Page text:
The prospect of recruiting new members to Olympic level in tae kwon do at the recently opened K-Fit TKD school in George Town is not an idle boast.
On Saturday K-Fit TKD held two seminars at the school just off Shedden Road for members who were instructed by Sensei Nardu Debrah, the New York-based martial arts icon.
He was invited by Master Steve Graham, chief instructor at K-Fit TKD, who is a 7th degree black belt in various styles of tae kwon do and Korean karate.
The seminars were the first step toward grooming members to reach the pinnacle in tae kwon do, with Olympic qualification being the biggest motivation. They were well received, and Debrah was impressed with the enthusiasm of the students.
K-Fit member David Reid, a black belt in tae kwon do, is realistic about creating Olympic-level athletes at the school.
“It takes years and incredibly hard training and dedication,” he said. “But somebody’s going to make it, and I think that a country like Cayman would possibly have someone make it quicker than somewhere like the United States with such a huge population.”
Reid reasons that the small classes and high level of one-on-one instruction the students receive from Graham and the other instructors will help them progress faster and achieve Olympic level far quicker.
Gioser Gonzales, a qualified physical education teacher and instructor at K-Fit, has worked as a P.E. teacher at North Side Primary, Bodden Town Primary and Clifton Hunter schools.
The 34-year-old Cuban has lived in Cayman on and off for 11 years. He was born into martial arts as his father is a black belt in karate.
Gonzales moved from karate into tae kwon do because he prefers the extra agility needed. He made the Cuban tae kwon do national squad.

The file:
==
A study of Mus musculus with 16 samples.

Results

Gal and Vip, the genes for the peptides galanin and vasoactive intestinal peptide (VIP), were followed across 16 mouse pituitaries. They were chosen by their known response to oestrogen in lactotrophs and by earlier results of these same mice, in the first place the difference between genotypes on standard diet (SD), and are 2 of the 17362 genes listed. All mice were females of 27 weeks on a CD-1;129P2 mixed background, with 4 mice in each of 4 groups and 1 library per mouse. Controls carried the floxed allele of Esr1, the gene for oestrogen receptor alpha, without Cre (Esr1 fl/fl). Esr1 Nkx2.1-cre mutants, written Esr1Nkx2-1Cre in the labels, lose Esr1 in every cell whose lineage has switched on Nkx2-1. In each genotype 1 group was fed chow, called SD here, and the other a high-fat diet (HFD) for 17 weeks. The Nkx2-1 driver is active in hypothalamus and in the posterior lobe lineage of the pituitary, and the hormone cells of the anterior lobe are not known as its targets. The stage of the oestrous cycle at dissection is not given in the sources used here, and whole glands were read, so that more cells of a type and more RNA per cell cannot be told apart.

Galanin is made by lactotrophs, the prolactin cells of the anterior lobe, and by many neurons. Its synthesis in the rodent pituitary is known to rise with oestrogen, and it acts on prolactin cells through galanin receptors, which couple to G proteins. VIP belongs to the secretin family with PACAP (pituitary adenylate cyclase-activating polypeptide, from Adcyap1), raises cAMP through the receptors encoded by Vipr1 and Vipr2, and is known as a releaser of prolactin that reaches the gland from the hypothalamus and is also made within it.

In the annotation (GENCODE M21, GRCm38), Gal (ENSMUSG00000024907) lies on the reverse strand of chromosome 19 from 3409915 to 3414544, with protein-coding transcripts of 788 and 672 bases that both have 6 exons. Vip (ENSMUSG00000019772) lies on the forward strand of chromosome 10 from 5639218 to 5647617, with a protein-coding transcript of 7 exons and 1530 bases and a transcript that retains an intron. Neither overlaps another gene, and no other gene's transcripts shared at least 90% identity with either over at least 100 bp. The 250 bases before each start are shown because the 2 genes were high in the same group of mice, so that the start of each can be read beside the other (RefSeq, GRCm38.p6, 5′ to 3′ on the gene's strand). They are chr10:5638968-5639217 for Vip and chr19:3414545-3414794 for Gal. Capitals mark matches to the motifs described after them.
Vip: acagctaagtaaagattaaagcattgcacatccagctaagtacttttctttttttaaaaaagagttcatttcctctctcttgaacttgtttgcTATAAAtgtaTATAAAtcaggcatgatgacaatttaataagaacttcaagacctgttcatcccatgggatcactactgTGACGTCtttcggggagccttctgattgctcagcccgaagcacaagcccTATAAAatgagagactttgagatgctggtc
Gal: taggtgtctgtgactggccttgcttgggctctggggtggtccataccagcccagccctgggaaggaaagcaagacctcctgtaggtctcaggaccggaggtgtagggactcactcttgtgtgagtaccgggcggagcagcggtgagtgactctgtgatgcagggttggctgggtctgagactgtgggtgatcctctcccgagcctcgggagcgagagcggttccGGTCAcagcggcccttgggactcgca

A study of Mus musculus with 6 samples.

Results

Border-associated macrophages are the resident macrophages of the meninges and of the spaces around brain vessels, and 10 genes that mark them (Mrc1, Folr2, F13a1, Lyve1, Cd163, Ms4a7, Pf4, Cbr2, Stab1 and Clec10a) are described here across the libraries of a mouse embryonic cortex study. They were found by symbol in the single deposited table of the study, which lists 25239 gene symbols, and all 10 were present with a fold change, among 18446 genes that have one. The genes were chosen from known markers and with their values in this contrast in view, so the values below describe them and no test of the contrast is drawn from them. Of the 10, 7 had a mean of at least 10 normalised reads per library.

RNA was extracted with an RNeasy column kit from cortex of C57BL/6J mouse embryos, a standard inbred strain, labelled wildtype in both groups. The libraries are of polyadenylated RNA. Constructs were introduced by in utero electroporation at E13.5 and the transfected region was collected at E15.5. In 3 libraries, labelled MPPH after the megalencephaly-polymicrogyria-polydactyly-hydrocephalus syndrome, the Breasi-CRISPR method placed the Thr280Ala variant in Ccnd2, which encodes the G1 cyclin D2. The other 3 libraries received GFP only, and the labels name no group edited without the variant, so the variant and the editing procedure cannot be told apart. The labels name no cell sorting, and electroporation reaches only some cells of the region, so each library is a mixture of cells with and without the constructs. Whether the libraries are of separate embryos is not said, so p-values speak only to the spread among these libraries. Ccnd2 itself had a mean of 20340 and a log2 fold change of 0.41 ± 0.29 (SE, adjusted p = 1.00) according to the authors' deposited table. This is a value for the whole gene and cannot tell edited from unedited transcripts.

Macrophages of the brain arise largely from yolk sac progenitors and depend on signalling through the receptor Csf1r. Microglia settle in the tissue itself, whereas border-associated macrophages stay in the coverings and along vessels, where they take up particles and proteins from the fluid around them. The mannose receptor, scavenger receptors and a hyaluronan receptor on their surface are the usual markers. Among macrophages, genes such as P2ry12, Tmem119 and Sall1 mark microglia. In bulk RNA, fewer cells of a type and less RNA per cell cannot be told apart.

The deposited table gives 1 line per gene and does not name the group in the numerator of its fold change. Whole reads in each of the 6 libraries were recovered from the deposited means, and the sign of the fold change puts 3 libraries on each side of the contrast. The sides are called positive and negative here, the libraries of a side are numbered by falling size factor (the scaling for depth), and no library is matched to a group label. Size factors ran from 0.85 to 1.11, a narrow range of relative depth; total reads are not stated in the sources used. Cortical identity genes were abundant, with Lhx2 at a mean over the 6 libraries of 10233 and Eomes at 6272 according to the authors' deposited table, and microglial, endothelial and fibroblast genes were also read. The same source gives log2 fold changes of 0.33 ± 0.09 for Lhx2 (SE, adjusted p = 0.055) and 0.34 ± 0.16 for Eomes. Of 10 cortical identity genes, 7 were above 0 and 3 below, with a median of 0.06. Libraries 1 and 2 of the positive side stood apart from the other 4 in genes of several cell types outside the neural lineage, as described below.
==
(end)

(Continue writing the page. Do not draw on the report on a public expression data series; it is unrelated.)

“Tae kwon do is a wonderful sport,” Gonzales said. “I encourage anybody to come and hang out here a little bit and see how interesting it is.”
Master David Leider is another very experienced tae kwon do exponent who is qualified to instructor level. He is also an international referee and officiated at last month’s Pan American Games.
Leider is from Texas, where he has his own tae kwon do gym. He bought a house in Cayman four years ago and wanted to get involved in the tae kwon do scene here. That led to meeting with Graham, who helped him become an international referee for the Cayman Islands.
A tae kwon do 5th Dan, Leider is skilled in Israeli and Filipino martial arts forms too.
“I see a lot of untapped ability here,” he said. “There are a lot of Caymanians who are in good shape that need an outlet, looking for something to do, and this is something they can do for a long time and take it to the highest level of international competition.”
Leider is also involved in para-tae kwon do, for athletes with special needs. Last year he went to Moscow to referee at the Paralympics World Championships in tae kwon do, and he was in Europe earlier this year officiating there.
Leider is also on the committee to promote para-tae kwon do in the United States and throughout the Caribbean. He hopes to get para-tae kwon do at the next Special Olympics World Games.
He said, “Tae kwon do is a great avenue for somebody to create a career, travel the world and possibly go to the Olympics.”